At an October recruitment event hosted by The Fellowship - Black Male Educators for Social Justice (BMEC), a group dedicated to attracting more black men to the teaching profession, Relay Graduate School of Education restated its commitment to help grow and diversify Philadelphia’s teaching force.
Relay Graduate School of Education (Relay) today announced that it will open a campus in Connecticut, serving aspiring teachers in multiple cities across the state, including Bridgeport, East Hartford, New Haven, Norwalk, and Waterbury. Approved by the Connecticut State Board of Education on November 2nd, the new campus will offer teacher certification to aspiring teachers.
This summer, Relay Graduate School of Education is welcoming its largest class of educators. In total, the institution now serves about 2,000 current and aspiring teachers and 400 principals and principal supervisors, up from about 1,700 students in the 2015-16 school year. This year’s class nearly doubles Relay’s network of educators, which includes more than 2,500 alumni.
What does it take to make a great teacher?
In the words of Dean of Relay Newark Jamey Verrilli, quoted in The Economist, “Teaching is not an innate gift, nor a refuge for those who, as the old saw has it, ‘can’t do,’ but an ‘incredibly intricate, complex and beautiful craft.’”
In October, Relay announced the creation of Tutor Corps – a tutoring program that gives a diverse group of college students the opportunity to support local K-12 students. Launched in New Orleans and Houston this spring with plans to expand in the future, nearly 70 percent of tutors finished the semester with an interest in a program that would allow them to pursue teacher training while earning a bachelor’s degree in their area of interest.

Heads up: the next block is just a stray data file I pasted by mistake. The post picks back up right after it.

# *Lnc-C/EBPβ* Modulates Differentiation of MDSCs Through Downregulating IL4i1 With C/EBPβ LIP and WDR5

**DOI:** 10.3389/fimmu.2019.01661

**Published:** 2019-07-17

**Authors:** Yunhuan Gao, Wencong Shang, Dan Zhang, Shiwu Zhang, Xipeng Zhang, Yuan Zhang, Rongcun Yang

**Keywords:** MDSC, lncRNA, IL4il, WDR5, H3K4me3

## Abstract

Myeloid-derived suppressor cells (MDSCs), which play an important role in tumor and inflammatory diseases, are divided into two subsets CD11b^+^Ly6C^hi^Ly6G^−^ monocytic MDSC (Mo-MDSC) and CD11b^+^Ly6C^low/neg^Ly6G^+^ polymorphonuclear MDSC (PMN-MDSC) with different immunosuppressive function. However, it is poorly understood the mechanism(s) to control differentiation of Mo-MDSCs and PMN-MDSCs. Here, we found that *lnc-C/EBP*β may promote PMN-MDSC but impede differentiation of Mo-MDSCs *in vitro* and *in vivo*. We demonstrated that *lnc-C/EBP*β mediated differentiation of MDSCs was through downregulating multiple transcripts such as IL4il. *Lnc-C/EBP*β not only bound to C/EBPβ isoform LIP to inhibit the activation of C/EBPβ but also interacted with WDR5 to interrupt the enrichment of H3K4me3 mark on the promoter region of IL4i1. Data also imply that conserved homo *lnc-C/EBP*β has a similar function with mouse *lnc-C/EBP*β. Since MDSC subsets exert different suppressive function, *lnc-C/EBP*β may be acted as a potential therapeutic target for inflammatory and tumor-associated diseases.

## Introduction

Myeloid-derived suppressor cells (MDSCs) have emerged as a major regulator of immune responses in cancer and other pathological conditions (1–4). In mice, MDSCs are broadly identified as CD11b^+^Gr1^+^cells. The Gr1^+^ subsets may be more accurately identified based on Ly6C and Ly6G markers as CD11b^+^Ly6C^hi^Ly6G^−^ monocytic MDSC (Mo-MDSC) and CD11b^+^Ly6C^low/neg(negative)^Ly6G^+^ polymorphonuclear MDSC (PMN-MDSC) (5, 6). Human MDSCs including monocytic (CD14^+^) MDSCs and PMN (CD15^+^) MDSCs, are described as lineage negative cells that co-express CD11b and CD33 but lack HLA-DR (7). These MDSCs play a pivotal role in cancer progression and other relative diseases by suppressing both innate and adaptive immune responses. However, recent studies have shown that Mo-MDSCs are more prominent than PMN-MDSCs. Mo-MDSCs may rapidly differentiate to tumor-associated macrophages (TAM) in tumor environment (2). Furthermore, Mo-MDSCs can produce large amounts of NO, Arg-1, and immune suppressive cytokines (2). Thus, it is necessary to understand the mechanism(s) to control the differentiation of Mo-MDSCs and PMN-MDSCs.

Relay today announced that it will open a new campus in Baton Rouge, Louisiana. Relay Baton Rouge will be the institution’s eleventh campus in the country and its second in Louisiana, following the launch of Relay New Orleans in 2013. Relay comes to Baton Rouge at the invitation of local leaders, who cited strong local demand for its innovative teacher preparation programs.
Last week, the Denver Post published an article describing Relay’s National Principals Academy Fellowship (NPAF) program, and its impact in Denver. Now entering its fourth year, NPAF is a year-long intensive professional development program designed for current principals and principal supervisors. The program is unique in its innovative approach to building participants’ instructional leadership skills.